We all probably have movies that we skip past when browsing Netflix. For whatever reason. One of mine is Rip Tide, a fun film with a former Disney channel star. As one of New York’s sensational “it” girls, Cora Hamilton (Debby Ryan) is taking a career in modeling by storm. Spearheaded by her determined mother, Cora does whatever she says, until now. Passing 18, and on the cusp of going to college, if her mother would listen, Cora decides to leave behind her entire world and visit her aunt, Margo, in Australia, a choice that is sure to change everything.
Rip Tide (2017) Film Review
Apart from seeing this little rectangle on my Netflix page, I didn’t know a thing about this film. But on a late Sunday night when all I want is something that won’t ask me to engage in brain power, the brief little synopsis sounded “good” for this one. Turns out, it’s one that while not Oscar worthy, has a lot to say, and is way better than hitting that “next” button on the remote.
“I am not running away. I am running towards something else.”
What I like is that this title seems to go against the norm of things. Once in Australia, Cora does find herself again, but not to the extent of losing the parts of herself that are her. And I love this. A small example is her fashion. Yes, she does change, and she does let the freedom of making choices free her, but not to the point she loses what makes her, her. This is something I really like because too often we see that kind of change that just doesn’t feel “right,” even if it does make for a good story.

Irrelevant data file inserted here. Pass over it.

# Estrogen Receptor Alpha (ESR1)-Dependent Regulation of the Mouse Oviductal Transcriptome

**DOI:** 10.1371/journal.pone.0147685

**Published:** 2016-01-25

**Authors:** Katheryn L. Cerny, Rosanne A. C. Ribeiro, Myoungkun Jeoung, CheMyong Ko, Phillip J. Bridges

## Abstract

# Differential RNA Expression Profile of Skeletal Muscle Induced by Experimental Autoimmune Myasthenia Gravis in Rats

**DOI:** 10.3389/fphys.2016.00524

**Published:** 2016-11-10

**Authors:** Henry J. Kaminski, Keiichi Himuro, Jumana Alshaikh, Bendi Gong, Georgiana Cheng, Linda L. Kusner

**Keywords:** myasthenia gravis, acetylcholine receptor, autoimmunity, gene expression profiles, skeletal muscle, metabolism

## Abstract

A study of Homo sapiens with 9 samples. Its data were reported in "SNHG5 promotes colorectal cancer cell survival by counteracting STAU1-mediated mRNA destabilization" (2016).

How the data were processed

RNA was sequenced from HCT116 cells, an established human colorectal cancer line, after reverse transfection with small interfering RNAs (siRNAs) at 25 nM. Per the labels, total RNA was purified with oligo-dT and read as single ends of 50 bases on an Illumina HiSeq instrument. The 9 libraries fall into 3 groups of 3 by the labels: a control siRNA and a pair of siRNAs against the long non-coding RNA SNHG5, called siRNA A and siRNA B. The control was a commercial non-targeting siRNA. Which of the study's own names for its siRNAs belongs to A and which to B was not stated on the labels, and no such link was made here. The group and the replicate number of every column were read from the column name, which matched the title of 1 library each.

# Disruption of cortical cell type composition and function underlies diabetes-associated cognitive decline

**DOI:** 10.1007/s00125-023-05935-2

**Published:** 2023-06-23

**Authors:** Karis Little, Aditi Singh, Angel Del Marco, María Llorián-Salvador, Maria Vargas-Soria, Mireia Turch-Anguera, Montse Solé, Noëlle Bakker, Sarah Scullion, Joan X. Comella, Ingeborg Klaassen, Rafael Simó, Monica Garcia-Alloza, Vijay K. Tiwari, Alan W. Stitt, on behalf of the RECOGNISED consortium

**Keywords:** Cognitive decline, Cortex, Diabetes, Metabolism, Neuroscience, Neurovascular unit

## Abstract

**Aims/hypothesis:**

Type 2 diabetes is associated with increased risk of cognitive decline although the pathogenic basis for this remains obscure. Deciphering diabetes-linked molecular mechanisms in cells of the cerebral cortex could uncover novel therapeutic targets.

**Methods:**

Another thing the script does well is the romance. There is that “who’s-that-cute-guy” moment, but again, it’s not an instantaneous I-love-you-forever kind of display. It doesn’t consume the film or the thoughts of Cora, which is, again, a good switch up. Not to be missed is the pretty scenery. A film that did go to Australia to film, the story uses lots of quiet moments to show change or the shifting of emotions.
If you enjoy coming-of-age stories or just something to unwind (plus get an eyeful of pretty scenery!), this isn’t a bad indie film. Rip Tide teaches of healing and forgiveness, and we get to see some cool fashion, too.